CLEVELAND - A legendary rock critic fought to bring the Rock and Roll Hall of Fame to Cleveland. Now, she'll be permanently honored there. A sculpture of "the world's oldest teenager" was unveiled today.
The sculpture features Scott sitting on a bench with a pen and notepad in her hand. On the pad are two questions: "What is your favorite color?" and "What high school did you graduate from?" There is room on the bench for people to sit next to her and have their photo taken. Scott is also sporting her trademark red glasses.
Lakewood native Dave Deming created the sculpture. Deming is the former president of The Cleveland Institute of Art. His work can be seen locally as well as throughout the US.
Jane Scott had a 50-year career with the Plain Dealer. During that time, she covered every major rock concert in Cleveland and ended up on a first name basis with many of rock's stars.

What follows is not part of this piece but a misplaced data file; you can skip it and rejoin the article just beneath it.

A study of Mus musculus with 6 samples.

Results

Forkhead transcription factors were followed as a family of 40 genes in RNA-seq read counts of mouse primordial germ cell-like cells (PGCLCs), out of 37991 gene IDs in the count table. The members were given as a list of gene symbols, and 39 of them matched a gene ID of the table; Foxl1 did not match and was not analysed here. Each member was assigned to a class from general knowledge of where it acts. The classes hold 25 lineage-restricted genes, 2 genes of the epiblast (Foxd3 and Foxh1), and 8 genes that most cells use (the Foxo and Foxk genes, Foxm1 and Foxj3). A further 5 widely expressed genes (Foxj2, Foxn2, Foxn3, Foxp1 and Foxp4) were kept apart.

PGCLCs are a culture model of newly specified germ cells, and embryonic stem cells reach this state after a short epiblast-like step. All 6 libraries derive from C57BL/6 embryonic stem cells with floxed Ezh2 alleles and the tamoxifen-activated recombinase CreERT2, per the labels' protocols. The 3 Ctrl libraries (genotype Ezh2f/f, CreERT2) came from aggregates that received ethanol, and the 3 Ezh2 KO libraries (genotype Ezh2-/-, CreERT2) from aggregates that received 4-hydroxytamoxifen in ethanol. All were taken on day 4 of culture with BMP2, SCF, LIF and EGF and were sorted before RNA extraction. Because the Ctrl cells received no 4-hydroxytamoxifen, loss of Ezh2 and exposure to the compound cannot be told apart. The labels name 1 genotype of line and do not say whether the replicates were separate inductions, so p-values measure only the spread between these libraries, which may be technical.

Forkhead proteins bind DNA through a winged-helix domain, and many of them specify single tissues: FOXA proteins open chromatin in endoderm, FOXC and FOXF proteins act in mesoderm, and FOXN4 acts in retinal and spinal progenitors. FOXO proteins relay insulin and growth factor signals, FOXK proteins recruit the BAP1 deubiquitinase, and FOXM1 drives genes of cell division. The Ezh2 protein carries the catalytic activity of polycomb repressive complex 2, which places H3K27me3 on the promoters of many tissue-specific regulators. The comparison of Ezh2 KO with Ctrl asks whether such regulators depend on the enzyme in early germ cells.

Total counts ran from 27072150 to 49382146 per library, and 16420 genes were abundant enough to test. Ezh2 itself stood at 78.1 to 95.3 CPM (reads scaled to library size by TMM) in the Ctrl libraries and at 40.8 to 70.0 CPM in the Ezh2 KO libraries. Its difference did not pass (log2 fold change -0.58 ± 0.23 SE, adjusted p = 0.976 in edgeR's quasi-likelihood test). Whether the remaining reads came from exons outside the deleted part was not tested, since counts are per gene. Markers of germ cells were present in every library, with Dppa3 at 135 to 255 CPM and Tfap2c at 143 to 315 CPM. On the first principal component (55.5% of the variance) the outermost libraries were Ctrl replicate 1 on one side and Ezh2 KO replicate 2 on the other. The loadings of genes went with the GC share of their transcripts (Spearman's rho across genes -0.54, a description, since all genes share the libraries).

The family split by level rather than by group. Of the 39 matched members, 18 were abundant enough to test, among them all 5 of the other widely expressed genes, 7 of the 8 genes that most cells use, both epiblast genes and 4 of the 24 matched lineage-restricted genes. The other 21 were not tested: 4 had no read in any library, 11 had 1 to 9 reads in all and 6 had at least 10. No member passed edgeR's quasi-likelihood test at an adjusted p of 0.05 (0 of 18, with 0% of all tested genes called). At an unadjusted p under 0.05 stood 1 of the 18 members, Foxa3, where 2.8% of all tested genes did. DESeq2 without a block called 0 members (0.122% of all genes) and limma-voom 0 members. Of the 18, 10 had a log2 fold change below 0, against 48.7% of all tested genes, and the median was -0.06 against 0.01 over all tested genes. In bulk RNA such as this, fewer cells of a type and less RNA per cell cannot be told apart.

"She covered small, large, insignificant, emerging, every artist that passed through this town. She didn't find any difference between any of them. She was considered to be the first and most significant Rock journalist of all time. We're very proud that happened right here in Cleveland." said Terry Stewart, CEO of the Rock and Roll Hall of Fame and Museum.
Scott once said that she realized the world changed after seeing the Beatles perform in 1964.
Friends and family of Jane Scott were on hand for the unveiling of her sculpture. It is located on the lower level lobby of the Rock and Roll Hall of Fame.
Scott retired in 2002. She died at the age of 92 on July 4, 2011.